Following the announcement that Boston Mayor Martin Walsh accepted President-Elect Joe Biden’s nomination to serve as Secretary of Labor, City Councilor Michelle Wu announced a crucial endorsement from Sen. Elizabeth Warren in her bid for Mayor of Boston.
Wu was the first candidate to announce she would run for mayor. She was soon followed by fellow Councilor Andrea Campbell. Wu and Campbell made their announcements before Walsh’s nomination to Biden’s cabinet and the two candidates hoped to unseat the incumbent Walsh in November.
Now that Walsh will head to Washington DC more candidates are lining up to take a shot at the mayoral seat. Once Walsh leaves, Council President Kim Janey will become acting mayor and may become a contender. State Senator Nick Collins from South Boston; at-large Boston City Councilor Annissa Essabi George; State Rep. Jon Santiago; and Boston Police Commissioner William Gross have all been named as candidates that can possibly make announcements this week.”
Launching her campaign early has been tough for Wu. Taking on an incumbent mayor and the ongoing COVID-19 crisis made fundraising for her bid to unseat Walsh a little rocky and the Councilor was not meeting fundraising goals over the summer according to emails her campaign sent to possible donors.
Now that Walsh is leaving, donors may feel a little more comfortable donating to Wu’s campaign or the campaigns of other potential candidates.
It remains unclear what impact this or Warren’s endorsement of Wu will have on the outcome of what is sure to be a hotly contested mayoral race. Warren finished third in her home state of Massachusetts during the Presidential Primary during her short-lived bid for President. Once a political powerhouse in Massachusetts and on the national stage, Warren’s finish behind President-Elect Joe Biden and Sen. Bernie Sanders during the primary had political pundits wondering if there was a decrease in her political clout.
In her endorsement of Wu, Warren said she feels the young councillor will make a difference in the lives of Boston residents.
“When I first met Michelle as my student at Harvard Law, I knew there was something special about her,” said Warren. “What I learned over time is that she is not just a woman full of good ideas and a passionate heart, she is a woman who gets out and does the work that needs to be done to make a difference in people’s lives. Michelle has always been a fighter — as one of my students, as a Boston city councilor, and now as a candidate for Mayor. She is a mom, a daughter of immigrants, and she knows first-hand the daily challenges that so many of our families face. I am honored to call Michelle a dear friend and a partner.”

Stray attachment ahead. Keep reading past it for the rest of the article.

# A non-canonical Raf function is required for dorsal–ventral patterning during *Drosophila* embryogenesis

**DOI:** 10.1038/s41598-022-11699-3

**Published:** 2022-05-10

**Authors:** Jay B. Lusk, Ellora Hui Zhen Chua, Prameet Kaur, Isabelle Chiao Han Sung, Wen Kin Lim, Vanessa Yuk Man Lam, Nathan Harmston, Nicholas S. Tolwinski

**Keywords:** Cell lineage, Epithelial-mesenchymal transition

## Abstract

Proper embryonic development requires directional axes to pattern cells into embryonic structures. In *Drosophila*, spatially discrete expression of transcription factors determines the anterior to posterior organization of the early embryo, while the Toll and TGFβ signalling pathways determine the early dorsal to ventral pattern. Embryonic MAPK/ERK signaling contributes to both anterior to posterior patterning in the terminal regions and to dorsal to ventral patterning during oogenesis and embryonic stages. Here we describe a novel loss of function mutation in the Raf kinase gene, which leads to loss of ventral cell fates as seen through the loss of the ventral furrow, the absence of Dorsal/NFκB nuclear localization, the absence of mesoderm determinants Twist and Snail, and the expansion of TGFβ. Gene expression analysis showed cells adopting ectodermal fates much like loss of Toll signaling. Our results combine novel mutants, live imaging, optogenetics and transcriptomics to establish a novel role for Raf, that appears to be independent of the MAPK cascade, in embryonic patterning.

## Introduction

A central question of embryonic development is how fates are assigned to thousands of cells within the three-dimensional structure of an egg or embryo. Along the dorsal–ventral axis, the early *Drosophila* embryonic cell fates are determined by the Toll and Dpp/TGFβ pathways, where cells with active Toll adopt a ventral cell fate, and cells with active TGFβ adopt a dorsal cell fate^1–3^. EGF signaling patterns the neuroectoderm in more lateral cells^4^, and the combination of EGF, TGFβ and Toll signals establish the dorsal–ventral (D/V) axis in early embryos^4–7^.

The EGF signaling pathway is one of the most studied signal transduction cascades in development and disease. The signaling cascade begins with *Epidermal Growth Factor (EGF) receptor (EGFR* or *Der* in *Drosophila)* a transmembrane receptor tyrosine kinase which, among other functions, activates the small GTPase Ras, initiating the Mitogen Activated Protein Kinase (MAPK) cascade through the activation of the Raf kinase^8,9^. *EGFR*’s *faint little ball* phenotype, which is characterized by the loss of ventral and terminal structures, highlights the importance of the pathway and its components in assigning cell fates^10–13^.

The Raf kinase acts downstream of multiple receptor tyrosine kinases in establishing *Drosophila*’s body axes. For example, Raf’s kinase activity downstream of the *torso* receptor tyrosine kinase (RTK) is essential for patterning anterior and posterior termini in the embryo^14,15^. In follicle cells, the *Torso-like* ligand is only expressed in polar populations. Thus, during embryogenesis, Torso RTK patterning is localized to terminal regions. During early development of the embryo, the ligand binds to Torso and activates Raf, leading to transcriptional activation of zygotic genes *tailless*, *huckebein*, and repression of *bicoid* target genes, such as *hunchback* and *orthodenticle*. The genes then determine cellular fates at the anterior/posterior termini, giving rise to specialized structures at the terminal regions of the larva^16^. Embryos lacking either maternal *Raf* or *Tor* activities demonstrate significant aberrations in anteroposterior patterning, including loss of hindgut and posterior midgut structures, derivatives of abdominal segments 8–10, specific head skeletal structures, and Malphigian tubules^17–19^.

Warren said over the past seven years, Wu has carried her life experiences to City Hall as a tireless advocate for women, working families, and communities who feel unseen and unheard.
“As our country and our Commonwealth face tough challenges — a pandemic burning out of control, an economy that is being squeezed to its breaking point, and profound racial injustice that can no longer be denied — Bostonians can count on Michelle’s bold, progressive leadership to tackle our biggest challenges, such as recovering from the pandemic, dismantling systemic racism, prioritizing housing justice, revitalizing our transportation infrastructure, and addressing the climate crisis,” said Warren. “Boston must be a city of opportunity not just for some of our children, but for all of our children. Michelle will fight for a Boston that our families can afford, fight for our kids, and fight for a system that works for everyone. Michelle understands the importance of big, structural change and her leadership will keep Boston moving forward. I am so glad to have the opportunity to endorse her for Mayor of Boston.
In response to her endorsement, Wu called Warren a champion of working families in the city.
“Senator Warren is a champion for working families in Boston and around the country, and is a personal hero and friend of mine,” said Wu. “As we face some of our toughest challenges as a city—the destruction of the pandemic, an economy that leaves so many behind, and deeply rooted educational inequities and racial injustice— I am profoundly grateful for Senator Warren’s partnership and honored to have her support.”